Pennsylvania legislature: Tackling economic recovery


Tackling economic recovery
Rep. Kerry Benninghoff

The House Economic Recovery Task Force will focus on the state’s “homegrown assets,” Benninghoff said. It will align them with opportunities for growth in hopes of turning the state into “the envy of the east.”

“As we began this session, I made it a priority to develop a working group of lawmakers from across Pennsylvania, with varied backgrounds,” he said.


The goal is to make Pennsylvania the ‘envy of the East.’”

RELATED: Op-Ed: Business community needs help

Lawmakers can start with favorable tax and regulatory policies, said Gordon Denlinger, director of the Pennsylvania chapter of the National Federation of Independent Business. Lingering uncertainty from ongoing COVID-19 restrictions at the state (and potentially federal) level plummeted small business confidence to historic lows, according to the NFIB.

“There is an amazing amount of uncertainty at this time,” Delinger said.

Small business concerns

Small business owners are concerned about health mandates coming from Governor Tom Wolf. They also worry about policy changes that will advance at the federal level.

Business owners not only need favorable tax and regulatory policies. They need stability to make good decisions and plan for the future, Delinger said.

Just 8% of businesses think it’s a good time to expand, according to the NFIB’s Small Business Optimism Index. Nine of the index’s components declined, with virtually no one anticipating better business conditions over the next six months.

“The current dramatic changes in Washington and our ongoing challenges in Harrisburg are not providing stability or much in the way of hope for strong pro-business support from government,” Denlinger said.

Pandemic restrictions continue hampering industries unevenly. Bars and restaurants limp along under strict capacity limits and social distancing mandates. Meanwhile, Big box retailers remain virtually unaffected.

It’s hard to forecast what the future holds for small business owners, according to the NFIB. That is blamed on factors such as a slow vaccine rollout nationwide and a new incoming presidential administration.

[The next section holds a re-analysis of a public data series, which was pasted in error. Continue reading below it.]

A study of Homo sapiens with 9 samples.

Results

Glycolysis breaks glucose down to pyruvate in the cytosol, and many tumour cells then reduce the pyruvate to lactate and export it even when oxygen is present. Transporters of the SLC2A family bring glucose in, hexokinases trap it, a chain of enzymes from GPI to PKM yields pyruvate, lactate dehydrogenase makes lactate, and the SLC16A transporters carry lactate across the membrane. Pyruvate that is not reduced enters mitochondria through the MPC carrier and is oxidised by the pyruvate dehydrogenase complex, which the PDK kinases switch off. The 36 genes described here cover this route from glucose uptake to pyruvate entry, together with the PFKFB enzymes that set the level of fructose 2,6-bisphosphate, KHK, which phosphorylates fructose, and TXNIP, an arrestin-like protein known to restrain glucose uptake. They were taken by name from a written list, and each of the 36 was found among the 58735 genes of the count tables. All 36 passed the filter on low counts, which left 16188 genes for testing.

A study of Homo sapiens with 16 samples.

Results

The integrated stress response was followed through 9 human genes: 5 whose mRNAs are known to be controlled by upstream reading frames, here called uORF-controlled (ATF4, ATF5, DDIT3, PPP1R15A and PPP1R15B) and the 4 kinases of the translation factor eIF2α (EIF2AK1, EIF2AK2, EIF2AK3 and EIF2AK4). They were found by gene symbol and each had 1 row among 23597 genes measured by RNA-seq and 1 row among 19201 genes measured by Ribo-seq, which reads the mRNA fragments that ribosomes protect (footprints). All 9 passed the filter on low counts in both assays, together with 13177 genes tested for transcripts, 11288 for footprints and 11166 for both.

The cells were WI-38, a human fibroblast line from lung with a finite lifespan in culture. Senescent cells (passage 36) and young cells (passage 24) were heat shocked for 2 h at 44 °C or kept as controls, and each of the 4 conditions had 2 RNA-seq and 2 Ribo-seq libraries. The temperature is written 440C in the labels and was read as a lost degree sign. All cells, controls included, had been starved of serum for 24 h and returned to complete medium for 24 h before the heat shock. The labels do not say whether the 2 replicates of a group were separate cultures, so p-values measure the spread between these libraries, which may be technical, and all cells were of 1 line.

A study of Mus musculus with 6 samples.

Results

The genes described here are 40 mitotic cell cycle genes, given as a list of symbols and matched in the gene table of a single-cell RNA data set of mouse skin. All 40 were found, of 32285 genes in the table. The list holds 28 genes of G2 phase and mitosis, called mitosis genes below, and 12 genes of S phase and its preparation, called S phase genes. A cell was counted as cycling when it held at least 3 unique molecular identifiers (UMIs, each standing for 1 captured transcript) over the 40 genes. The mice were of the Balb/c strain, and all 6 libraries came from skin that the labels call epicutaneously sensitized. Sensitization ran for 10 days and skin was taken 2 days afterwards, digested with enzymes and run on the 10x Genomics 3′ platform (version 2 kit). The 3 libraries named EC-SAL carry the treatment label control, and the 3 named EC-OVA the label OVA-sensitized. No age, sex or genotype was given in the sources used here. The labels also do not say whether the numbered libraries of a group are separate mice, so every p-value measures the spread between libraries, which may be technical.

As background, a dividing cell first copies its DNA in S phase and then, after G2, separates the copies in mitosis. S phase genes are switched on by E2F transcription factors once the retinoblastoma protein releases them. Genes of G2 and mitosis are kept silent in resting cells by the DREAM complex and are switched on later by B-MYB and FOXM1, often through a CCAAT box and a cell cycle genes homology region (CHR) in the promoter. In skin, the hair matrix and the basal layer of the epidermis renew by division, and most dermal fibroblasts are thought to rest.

Optimism at a historic low

“This month’s drop in small business optimism is historically very large, said  NFIB Chief Economist Bill Dunkelberg. “Most of the decline was due to the outlook of sales and business conditions in 2021. Small businesses are concerned about potential new economic policy in the new administration; and the increased spread of COVID-19 that is causing renewed government-mandated business closures across the nation.”

Rep. Aaron Kaufer, R-Luzerne, will lead the state lawmakers’ task force. He said it will investigate “legislative solutions” that will encourage business owners to again expand and hire more workers.

“With difficult challenges come great opportunities; and we are faced with the opportunity to not only recover but come back stronger,” he said of tackling economic recovery efforts,

Fellow task force member Rep. Wendi Thomas, R-Richboro, said the state is “obligated to repair the financial damage caused by the ramifications of COVID-19.”

“We must help Pennsylvania’s businesses rebound from this crisis and thrive; but we must also focus on attracting new businesses to our state through economic policies that remove the obstacles to economic growth,” she said. “In the end, the work of this task force will create a roadmap for helping businesses flourish and stand strong in the face of any future crisis.”

Election discrepancies called
Christen Smith

Christen Smith follows Pennsylvania’s General Assembly for The Center Square. She is an award-winning reporter with more than a decade of experience covering state and national policy issues for niche publications and local newsrooms alike.